If a student is looking to get involved in an interactive, creative, group oriented atmosphere, Aurora may be the club for them. Aurora is a game development club that allows students to create their own video games while working in a professional, group oriented setting.
“Aurora is a game development club that prepares its members, our ‘developers,’ to get jobs in the game industry. We do that by making video games from scratch, but also by teaching our developers how to network with professionals and lead peers.” Xander Allen, president of the Aurora club, said.
All activities in the club are group oriented wherein they break off into development teams early into the semesters.
“I’ve made such great friends through Aurora, and the club as a whole has certainly been the highlight of my time at Georgia Southern,” Thomas Anderson, junior computer science major, said.
The members of Aurora go to different game development events and conferences such as SIEGE (Southeastern Interactive Entertainment and Gaming Expo), where they can meet professionals in their field and begin to network. Another event that they went to this semester was the Global Game Jam at The Guild Hall in Savannah where they were tasked with creating two different games in 48 hours.
“My favorite experience [since joining Aurora] is attending the 2016 SIEGE conference with all that it had to offer: presentations, speakers, and panels all dedicated towards games, software, the gaming industry, and anything else you can imagine,” Anderson said.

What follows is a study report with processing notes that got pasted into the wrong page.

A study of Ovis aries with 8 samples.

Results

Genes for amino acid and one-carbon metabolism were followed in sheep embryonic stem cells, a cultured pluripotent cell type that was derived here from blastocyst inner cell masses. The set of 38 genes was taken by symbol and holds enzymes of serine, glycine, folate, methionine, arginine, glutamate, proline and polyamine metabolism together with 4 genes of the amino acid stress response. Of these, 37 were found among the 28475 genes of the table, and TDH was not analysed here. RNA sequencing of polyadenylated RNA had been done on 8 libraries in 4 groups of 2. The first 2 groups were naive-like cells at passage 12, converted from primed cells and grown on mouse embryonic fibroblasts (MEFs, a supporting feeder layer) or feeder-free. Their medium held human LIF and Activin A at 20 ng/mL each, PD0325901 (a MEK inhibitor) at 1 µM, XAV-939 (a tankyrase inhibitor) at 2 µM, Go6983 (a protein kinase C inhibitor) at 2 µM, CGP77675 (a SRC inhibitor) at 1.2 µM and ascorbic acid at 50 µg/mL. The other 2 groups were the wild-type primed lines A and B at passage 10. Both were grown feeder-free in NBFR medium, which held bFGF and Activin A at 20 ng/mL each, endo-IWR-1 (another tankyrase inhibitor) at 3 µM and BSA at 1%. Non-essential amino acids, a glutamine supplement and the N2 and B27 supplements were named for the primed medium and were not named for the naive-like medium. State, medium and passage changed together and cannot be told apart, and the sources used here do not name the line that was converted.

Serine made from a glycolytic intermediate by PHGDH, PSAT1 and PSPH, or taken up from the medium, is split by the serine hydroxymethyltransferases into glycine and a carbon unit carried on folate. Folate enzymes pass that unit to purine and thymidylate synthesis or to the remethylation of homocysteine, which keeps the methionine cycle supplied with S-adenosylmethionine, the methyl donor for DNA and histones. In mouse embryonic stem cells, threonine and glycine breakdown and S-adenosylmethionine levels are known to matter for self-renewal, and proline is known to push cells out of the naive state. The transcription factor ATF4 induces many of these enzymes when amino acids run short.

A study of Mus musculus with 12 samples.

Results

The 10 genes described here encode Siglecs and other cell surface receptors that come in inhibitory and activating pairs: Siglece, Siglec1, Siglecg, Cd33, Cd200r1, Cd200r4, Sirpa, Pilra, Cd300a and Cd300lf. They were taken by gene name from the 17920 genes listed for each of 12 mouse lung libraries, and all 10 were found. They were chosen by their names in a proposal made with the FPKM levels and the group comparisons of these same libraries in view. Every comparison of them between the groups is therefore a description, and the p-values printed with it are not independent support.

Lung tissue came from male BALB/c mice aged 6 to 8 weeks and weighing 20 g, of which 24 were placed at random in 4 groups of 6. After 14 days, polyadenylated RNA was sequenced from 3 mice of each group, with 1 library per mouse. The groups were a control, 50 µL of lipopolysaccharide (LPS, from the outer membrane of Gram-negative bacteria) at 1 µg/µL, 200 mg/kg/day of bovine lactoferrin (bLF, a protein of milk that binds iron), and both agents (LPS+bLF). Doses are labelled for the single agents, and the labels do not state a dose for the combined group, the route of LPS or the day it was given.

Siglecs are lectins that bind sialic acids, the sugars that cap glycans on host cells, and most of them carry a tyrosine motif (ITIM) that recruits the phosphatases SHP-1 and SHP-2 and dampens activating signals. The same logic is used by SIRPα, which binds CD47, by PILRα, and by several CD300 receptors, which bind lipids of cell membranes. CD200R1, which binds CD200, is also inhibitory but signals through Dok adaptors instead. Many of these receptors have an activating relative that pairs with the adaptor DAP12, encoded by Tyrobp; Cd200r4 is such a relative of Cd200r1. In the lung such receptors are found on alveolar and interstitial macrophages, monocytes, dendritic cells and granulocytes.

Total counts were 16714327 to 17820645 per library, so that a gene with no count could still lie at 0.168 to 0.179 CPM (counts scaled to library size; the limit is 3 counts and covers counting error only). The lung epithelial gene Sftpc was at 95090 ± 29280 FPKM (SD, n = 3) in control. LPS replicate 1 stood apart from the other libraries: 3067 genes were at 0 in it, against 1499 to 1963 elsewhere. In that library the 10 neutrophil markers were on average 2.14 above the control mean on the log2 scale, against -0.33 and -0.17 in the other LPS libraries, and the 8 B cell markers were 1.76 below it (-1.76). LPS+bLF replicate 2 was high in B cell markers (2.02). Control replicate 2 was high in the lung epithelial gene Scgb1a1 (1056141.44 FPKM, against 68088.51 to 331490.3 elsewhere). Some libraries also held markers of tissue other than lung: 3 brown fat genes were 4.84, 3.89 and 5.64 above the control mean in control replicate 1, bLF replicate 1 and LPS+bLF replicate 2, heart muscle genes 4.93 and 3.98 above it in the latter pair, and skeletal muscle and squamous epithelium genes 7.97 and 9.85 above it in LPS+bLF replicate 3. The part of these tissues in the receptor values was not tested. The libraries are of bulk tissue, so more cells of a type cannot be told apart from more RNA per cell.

When Aurora was founded 5 years ago, its founder and now GS alumni, Ron Williams, told Allen he chose the name because it is synonymous with the word dawn and is symbolic for the beginning of the members’ careers. Due to the different skills required to develop games students from all majors are encouraged to join.
“Because of Aurora, I found my passion. I know what I want to do with the rest of my life. The other members are very supportive. We are all one being working together towards our goals,” Sierra Green, sophomore writing and linguistics major, said.
Writers and artists are just as important to the development process as the actual developers themselves. The club meets every Monday at 7:30 p.m. Students who are interested in joining aren’t required to have any prior skills in order to be accepted as they can be trained at the training group meetings every Wednesday and Thursday at 6:30 p.m. for new members.
Two events that they have upcoming in the semester are their April Fools Game Night on April 1, and their Spring Showcase on April 26.
“We couldn’t do all of these [events] without our members. They have such a passion for game design and their help makes our events possible,” Allen said,
If a student is interested in joining all they need to do is either email Allen himself at email@example.com or attend any of their club meetings.